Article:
EU Is Split Over Delaying Brexit By as Much as a Year, Diplomats Say
(Bloomberg) -- European Union governments disagree over how long they think the U.K. should delay Brexit, with some pushing for an extension of as much as a year, diplomats said.
While some countries think the EU should offer Britain a generous period to negotiate a deal that will win the backing of Parliament, possibly after a second referendum, others oppose a postponement of any sort and want pressure to be put on the U.K. to accept a deal as soon as possible, according to four EU diplomats.
It’s up to the U.K. to request a delay and, so far, Prime Minister Theresa May has said she doesn’t intend to. But with the deal the government negotiated with the EU suffering the biggest House of Commons defeat in history last week and little sign there’s a majority in favor of any alternative, many officials on both sides believe keeping the U.K. in the bloc beyond its scheduled March 29 exit date is the only plausible way forward.
In Parliament on Monday, when asked to rule out a postponement, May simply said that she’s “working to find a deal” so the U.K. “can and will leave the European Union on March 29.”
Any extension needs unanimous approval from the EU’s remaining 27 countries.
The EU shouldn’t just "extend the agony" of Brexit, Slovak Foreign Minister Miroslav Lajcak told reporters in Brussels on Monday. “If there is a good reason, then yes.”
German Chancellor Angela Merkel -- who is taking a more flexible approach on the timing of any extension -- indicated on Saturday that she wants to help Britain secure an orderly exit. She said it’s the EU’s responsibility to help find a solution.
“We also have a responsibility to shape this separation process in a responsible way, so that people don’t look back in 50 years, shaking their heads, and say why weren’t we in a position to make a compromise?” she said.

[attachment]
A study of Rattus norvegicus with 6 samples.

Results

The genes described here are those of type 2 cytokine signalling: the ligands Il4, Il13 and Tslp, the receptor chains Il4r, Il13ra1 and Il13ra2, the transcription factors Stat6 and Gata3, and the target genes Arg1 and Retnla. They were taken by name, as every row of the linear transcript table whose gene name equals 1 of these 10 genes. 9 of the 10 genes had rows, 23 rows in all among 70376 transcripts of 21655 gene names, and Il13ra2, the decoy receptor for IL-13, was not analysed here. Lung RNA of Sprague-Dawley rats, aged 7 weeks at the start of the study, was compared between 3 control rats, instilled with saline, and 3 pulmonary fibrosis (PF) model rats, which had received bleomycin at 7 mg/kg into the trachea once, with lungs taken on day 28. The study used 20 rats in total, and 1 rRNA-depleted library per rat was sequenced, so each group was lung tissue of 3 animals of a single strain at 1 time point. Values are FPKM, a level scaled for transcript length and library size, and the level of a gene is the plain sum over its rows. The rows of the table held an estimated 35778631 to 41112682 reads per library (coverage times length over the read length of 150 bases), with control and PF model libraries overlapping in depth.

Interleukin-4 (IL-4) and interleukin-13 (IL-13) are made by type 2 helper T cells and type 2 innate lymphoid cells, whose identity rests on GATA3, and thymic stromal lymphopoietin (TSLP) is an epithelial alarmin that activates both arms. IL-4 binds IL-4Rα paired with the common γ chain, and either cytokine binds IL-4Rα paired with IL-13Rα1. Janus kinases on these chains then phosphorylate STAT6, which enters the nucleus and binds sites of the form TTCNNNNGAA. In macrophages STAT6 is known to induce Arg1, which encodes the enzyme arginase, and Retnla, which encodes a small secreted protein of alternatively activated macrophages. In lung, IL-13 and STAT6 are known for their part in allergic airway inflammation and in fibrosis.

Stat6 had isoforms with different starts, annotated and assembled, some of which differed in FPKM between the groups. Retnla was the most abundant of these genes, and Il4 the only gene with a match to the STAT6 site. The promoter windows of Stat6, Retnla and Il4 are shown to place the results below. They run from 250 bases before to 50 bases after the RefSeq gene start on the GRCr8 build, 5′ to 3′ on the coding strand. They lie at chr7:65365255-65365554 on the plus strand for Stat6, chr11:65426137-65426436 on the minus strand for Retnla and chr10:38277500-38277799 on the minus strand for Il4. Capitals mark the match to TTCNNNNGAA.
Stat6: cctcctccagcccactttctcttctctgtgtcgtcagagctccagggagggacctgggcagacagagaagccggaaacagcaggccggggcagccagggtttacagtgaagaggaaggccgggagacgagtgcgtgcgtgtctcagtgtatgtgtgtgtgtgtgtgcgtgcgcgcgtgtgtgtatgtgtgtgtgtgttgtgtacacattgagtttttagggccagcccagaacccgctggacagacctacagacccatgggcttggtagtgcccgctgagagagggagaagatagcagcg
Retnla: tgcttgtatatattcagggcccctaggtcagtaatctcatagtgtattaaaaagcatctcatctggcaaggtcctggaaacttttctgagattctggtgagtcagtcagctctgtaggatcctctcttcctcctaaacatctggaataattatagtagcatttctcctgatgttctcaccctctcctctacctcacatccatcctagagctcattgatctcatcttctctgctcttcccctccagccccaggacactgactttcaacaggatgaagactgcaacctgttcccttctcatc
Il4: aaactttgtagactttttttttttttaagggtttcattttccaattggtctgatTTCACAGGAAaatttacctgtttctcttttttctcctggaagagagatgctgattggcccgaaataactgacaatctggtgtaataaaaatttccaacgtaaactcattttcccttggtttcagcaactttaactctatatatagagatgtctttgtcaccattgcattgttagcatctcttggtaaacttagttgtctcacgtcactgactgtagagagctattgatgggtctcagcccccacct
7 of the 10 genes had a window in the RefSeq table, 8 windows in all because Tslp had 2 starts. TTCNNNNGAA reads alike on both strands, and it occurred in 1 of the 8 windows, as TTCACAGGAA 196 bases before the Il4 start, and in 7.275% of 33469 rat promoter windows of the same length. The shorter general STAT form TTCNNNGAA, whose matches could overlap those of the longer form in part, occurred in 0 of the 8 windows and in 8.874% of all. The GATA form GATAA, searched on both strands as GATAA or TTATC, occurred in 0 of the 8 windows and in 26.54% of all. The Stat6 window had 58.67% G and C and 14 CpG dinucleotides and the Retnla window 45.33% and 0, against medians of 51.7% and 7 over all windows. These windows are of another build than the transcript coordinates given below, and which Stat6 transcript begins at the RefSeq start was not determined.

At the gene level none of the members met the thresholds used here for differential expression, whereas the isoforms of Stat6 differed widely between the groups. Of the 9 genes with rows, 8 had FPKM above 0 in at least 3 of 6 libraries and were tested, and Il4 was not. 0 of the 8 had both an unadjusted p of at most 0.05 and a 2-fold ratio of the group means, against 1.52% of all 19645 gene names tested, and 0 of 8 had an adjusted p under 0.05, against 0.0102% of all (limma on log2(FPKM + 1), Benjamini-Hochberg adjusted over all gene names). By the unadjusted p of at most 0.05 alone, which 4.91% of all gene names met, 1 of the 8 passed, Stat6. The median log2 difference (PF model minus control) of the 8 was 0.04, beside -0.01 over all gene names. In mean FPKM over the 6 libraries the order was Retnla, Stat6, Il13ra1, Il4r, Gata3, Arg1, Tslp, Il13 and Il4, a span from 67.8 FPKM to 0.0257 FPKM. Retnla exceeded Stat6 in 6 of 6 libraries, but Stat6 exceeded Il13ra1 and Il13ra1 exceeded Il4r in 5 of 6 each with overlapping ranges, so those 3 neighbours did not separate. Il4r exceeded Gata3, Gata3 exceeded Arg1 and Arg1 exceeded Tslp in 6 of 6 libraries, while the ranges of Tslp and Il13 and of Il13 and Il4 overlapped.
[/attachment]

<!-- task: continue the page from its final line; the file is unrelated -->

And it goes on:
Elections to the European Parliament in May are the biggest obstacle to any extension. Several countries believe the U.K. should be able to delay Brexit until the start of July when the newly elected assembly sits for the first time.
Other countries believe the U.K. should be given longer, even as much as a year, to nail down a far more detailed blueprint for the future, meaning Britain may have to take part in the EU-wide vote.
France and the European Commission, the EU’s executive, are among those pushing for a long extension, said the diplomats, who spoke on condition of anonymity because the discussions are private. Germany takes a flexible approach, although it isn’t in the camp pushing for the longest extension.
But several governments think the fast-approaching deadline acts as leverage and the U.K. shouldn’t be offered any delay, or only a “technical” one of a matter of weeks, to allow the U.K. Parliament to pass necessary legislation in order to push Britain to accept the existing deal.
Diplomats said the EU is still broadly united on Brexit and the disagreement probably isn’t serious enough to block any U.K. request for a postponement, but it does highlight the tension over what the EU strategy should be. The issue could bubble to the surface if leaders are asked to consider a delay.
Some officials in European capitals believe there is still a chance that Britain could change its mind and stay in the bloc after all and the longer it can prolong the negotiation period, the more likely that will become. Others think a line needs to be drawn under the messy talks so that European governments can focus on other matters, such as fighting populism and strengthening the euro area.
Backbench members of Parliament, led by former Attorney General Dominic Grieve, are working on a plan to take control of Brexit out of the government’s hands, ultimately giving the chamber the chance to ask the EU to delay the departure day. EU officials said the bloc will wait until the U.K. clarifies its position before making its next move.